Being raised in a Hmong family has its own traditions and probably not all too different from other cultures. A mom raises her daughter to care for siblings, cook, and clean hoping one day she will be a good wife and mom when she leaves her family. The goal is all about Hmong weddings and raising brides.
She leaves her family and her clan by marrying into another. She will take his name and belong to a new clan. Her spirits will join and become one with the new family but will remain attached as her own too.
The marriage process in the Hmong culture has changed quite a bit over the years. Change, as in the length of time, however, rituals are still covered. What used to start on a Friday and take all weekend is now done in one day.
Here is a glimpse of the most important moments of the bride in Hmong Weddings
When a man and woman agree to marry, the arrangement of a date is planned accordingly to each family’s agreement. The wife will already have been with her husband for a few days and arrive at her own wedding with the groom’s family. The main portion of the wedding takes place at the home of the wife’s family. They arrive in proper custom Hmong clothes; her clothes will not be of her own but of what the Groom’s family has given her. There at the arrival of the Bride’s home, the words and rituals will begin.
As the conversation takes place amongst the men of the family, the wife can hang out with her family. She can work alongside in the kitchen to help prep food. She can serve the men at the table who are talking about terms of connecting with two families. She will have a few last goodbyes to her relatives and listen to lectures upon lectures on how she is a grown woman now.
There are 3 important moments at the wife’s house that must take place. As uncomfortable as one may be, it happens at all Hmong weddings. These moments are the most memorable.
In Hmong weddings, there will be a time when an Uncle pulls you off to the side and tell you to throw away any old boyfriend’s photo. Not just boyfriends (old flings) but men in general. That means if you have pictures of “just friends” pictures of a man, that should be tossed away too. This is done so that your husband will not get upset or show jealousy. You are to leave any men you’ve ever known.
Make sure you do this because if one day, a photo just so happens to show up, his family can go back to yours and say many things about you that will be hurtful. That’s a whole other story!
2. Mom of the Bride Talk
Oh, the most important and memorable moment that every Hmong bride remembers of her wedding. Not only the most memorable, but most emotional. Prior to you arriving at the table to join your husband, your mom dresses you in the final ceremonial Hmong outfit. While she does this, she is saying goodbye as you leave her. She lectures you and tells you how much you will now have to change your life.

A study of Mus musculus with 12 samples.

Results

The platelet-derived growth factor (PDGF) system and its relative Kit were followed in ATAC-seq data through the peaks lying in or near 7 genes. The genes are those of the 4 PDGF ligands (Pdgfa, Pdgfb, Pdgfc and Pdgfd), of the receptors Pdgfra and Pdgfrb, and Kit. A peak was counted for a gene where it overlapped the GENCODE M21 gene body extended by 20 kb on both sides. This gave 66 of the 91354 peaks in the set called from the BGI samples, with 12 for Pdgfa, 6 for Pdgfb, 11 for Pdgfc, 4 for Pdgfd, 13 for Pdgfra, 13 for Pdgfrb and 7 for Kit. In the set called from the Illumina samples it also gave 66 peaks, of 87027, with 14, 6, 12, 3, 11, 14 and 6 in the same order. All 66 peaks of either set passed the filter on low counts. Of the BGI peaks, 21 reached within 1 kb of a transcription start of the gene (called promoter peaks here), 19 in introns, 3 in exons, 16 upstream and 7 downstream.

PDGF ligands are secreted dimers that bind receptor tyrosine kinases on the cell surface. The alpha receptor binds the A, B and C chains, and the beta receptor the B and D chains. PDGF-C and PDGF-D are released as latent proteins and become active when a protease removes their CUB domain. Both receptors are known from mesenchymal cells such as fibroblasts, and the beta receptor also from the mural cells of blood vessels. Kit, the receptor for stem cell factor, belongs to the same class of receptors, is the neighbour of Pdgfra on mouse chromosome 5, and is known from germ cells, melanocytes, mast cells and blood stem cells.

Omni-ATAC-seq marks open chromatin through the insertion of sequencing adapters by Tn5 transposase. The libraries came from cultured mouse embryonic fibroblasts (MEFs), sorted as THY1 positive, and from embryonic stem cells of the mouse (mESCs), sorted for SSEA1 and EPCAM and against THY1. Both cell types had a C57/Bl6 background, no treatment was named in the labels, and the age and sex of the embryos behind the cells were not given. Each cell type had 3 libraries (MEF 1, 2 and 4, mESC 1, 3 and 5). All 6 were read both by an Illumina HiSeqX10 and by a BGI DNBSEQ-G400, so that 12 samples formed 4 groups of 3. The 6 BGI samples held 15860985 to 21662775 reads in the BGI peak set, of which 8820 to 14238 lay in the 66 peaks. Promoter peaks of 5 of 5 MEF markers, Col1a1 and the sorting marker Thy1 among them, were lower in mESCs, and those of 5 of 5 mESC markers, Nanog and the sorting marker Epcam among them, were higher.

Mostly, she tells you to be a good “nyab” (daughter-in-law) to your new parents. Along the entire lecture, mom and bride are crying as they know they will part ways soon. Mom knows that her own daughter will now make her husband’s family priority over her own and she will only receive visits at special occasions and announcements. Even though this is the feeling and thought that goes with the ritual “talk” nowadays, brides can visit her family as much as she wants. It’s more accepting and only makes sense if they all are living in the same town.
3. Final Send-off
Yes, more tears during the final send-off at Hmong Weddings. This is where the ceremony ends at the bride’s home and the husband and his wedding party will leave to continue ceremonies at his home. This probably is more troubling for the groom than the bride. However, it’s another time to say goodbye. As the aunties and grandma’s hang on to your mom while she weeps as you leave.
Troubling for the groom because this where the men from the bride’s side will do what they can to get to the groom by way of drinks (alcohol). While the entire day played out with drinking to pay homage and respect to the wife’s family, the groom and his best man have had plenty by now but from elders.
For the final send-off, anyone goes. You get the sisters, cousins, brothers, and all who weren’t at the table give the groom a final cheer before he takes one of their own off with him.
Groom, make sure to hold onto your Bride’s hand. If you get into the car to leave without the bride, you will be scolded.
Bride, take care of your groom. If you know he’s had too much to drink speak up and tell your relatives “no”. (just to specify that this drink off at the end is different from family to family)
The three most memorable moments of a Hmong Bride; asking her for photos, the mom talk, and the final send-off. I don’t know if it’s upbringing or just culture in general but the final send-off is the hardest on both parties, the bride and her family. She knows that she will no longer be a part of the family that she grew up with, she will have consciously put her husband’s family first, and now will have a new home.
The expectations of you being a daughter will now be the expectations of a “Nyab” and all eyes will be watching you. You are careful in your words, the way you present yourself, and always will second guess your actions as his family was raised differently. You may have been close to all your siblings while you never may even see his. You live the moment, learn to love but best of all share the laughter that comes your way as you now have achieved a new level of respect for being a Bride.